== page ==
Give your grade-schooler keys to forming happy, healthy relationships

Uwe Krejci/Digital Vision/Getty Images

By kindergarten and grade-school, children are socializing more with each other, are developing preferences, and are increasingly picking friends of their own.

But while you may have less of a say in who your grade-schooler plays with than you did when she was younger, you can still help guide her toward developing healthy and happy friendships. Here are some tips on how you can help your child make new friends.

  • Be a good role model. Show her how much you value your friends, and what you give and get from each other. Play games with your child that emphasize sharing, patience and other important skills for making friends.

  • Encourage -- but don’t push. If your child is shy, especially in new situations, give him some time to socialize at his pace. My son was the kind of kid who’d stay plastered to my leg for the first few weeks of preschool and kindergarten -- yep, that kid. His teachers did an amazing job, and eventually, he let go of me, slowly bonded with his teachers, and began to make friends in class.

  • Get her into a sport or favorite activity. Doing things outside of school -- like playing soccer or taking a pottery class -- is another great opportunity for your child to make friends. Ask her which children he might like to play with and encourage her to invite them over for a playdate.

  • Coax him into new relationships. Having a best friend is great, but if he only wants to play with one person all the time, try to broaden his horizons. Explain to him that while it’s nice to have a best friend, that doesn’t mean he can’t also hang out with other kids, too.

  • Set up some after-school time with kids of the opposite gender. It was inevitable, I suppose. Around the time that he hit first grade, my son, who’d previously loved to play “Mommy and Daddy” with his favorite gal pals suddenly declared he didn’t like girls. But being friends with a child of the opposite gender can help your child stay well-rounded. Yes, boys still generally like to play lightsaber fights and girls like to line up stuffed animals for tea, but it’s good to encourage them do both with each other.

  • Balance friend-time with alone time. Watch your child’s moods and don’t overfill her social calendar. I’ve noticed that my son sometimes gets cranky if he doesn’t have some quiet time just to be by himself. He loves horsing around with his pals, and counts on regular playdates with favorite friends. But he also needs some time to sit by himself and draw or set up his Lego Star Wars figures in complicated action scenes all over the house.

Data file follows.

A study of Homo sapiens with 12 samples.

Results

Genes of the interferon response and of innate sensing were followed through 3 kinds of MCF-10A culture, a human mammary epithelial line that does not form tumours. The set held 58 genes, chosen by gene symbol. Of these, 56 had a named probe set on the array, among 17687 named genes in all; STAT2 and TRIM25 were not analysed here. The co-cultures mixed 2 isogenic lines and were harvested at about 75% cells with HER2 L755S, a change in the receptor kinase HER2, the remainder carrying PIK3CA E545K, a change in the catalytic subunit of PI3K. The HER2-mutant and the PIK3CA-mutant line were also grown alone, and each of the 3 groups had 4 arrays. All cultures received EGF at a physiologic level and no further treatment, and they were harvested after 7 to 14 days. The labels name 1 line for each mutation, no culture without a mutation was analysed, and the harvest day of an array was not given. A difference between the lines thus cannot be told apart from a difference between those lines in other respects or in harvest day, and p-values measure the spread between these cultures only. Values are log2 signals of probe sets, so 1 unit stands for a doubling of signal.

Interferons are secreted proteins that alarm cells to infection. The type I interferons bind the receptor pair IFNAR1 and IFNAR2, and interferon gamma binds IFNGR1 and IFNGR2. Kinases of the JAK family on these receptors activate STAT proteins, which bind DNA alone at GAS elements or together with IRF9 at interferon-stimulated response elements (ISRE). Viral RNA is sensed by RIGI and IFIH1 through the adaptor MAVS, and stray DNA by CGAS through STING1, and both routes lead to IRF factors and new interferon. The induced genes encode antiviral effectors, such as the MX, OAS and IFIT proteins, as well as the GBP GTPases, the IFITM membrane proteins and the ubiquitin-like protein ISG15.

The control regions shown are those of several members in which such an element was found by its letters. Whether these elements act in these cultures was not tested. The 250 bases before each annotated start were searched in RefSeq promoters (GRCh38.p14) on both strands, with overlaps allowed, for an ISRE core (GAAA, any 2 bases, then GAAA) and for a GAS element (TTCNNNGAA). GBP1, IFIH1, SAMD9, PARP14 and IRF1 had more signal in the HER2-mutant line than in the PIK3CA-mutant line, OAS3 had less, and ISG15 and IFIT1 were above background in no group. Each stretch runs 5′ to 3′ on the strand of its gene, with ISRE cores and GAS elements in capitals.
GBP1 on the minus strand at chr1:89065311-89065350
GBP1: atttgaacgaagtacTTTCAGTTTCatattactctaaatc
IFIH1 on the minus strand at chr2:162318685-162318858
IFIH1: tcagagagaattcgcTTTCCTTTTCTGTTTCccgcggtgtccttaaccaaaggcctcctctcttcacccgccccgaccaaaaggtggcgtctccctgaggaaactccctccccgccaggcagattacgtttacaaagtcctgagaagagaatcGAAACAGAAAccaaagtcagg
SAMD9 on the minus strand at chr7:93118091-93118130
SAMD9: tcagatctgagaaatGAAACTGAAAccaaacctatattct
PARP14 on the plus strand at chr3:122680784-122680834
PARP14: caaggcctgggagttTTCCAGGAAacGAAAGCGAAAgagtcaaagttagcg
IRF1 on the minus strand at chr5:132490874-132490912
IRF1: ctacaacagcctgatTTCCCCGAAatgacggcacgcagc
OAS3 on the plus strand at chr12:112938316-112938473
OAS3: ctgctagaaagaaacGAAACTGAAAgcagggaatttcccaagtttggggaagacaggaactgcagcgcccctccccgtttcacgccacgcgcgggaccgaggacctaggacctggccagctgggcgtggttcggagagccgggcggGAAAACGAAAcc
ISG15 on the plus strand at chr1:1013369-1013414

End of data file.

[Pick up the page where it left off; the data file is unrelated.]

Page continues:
• Respect his style. You may be a social butterfly who needs people around constantly to feel energized. But if your child does better in one-on-one settings or likes be alone occasionally, give him what he needs.

  • Watch her interact with other kids. You can learn a lot about your child by observing her as she socializes with peers. This can be particularly helpful if your young child seems to be having trouble making friends. Watch her behavior -- is she bossy? Aggressive? Does she have trouble sharing, or have a meltdown when a playmate beats her at a game? Then work on some positive skills for building friendships.

What to do About a Troublesome Playmate
All kid friendships can have their ups and downs. And in fact, handling conflict with a peer is a valuable skill for your child to learn. But while occasional skirmishes over things like who gets the blue marker next are normal, if a playmate is consistently being hurtful -- physically or emotionally -- it’s time for you to step in.

  • Tell your child to discuss his feelings with the friend. Most grade-schoolers will be able to have a conversation about feelings. Learning to express his emotions is a valuable skill. Whether his friend apologizes or not, your child will have had his say.

  • Teach her to walk away, especially if her friend is being hurtful physically.

  • Create some distance. If a friend continues to behave badly, try to set up playdates with other kids. Move your child into other activities, and if his hurtful friend is in the same class, talk to the teacher about seating them away from each other.

Today, my son has shed his shyness and blossomed into a second-grader who makes friends easily. Watching him interact with his buddies, I often marvel at the way he makes them laugh, and the easy way he and they listen to each other’s stories and ideas. He’s turned into the kind of kid I would’ve liked to have for a friend when I was his age.

I know the teen years are coming, and I won’t be able to have as much input in who he spends time with. But when I see the great way he handles friendships today, I’m hopeful that it’ll be relatively smooth sailing ahead.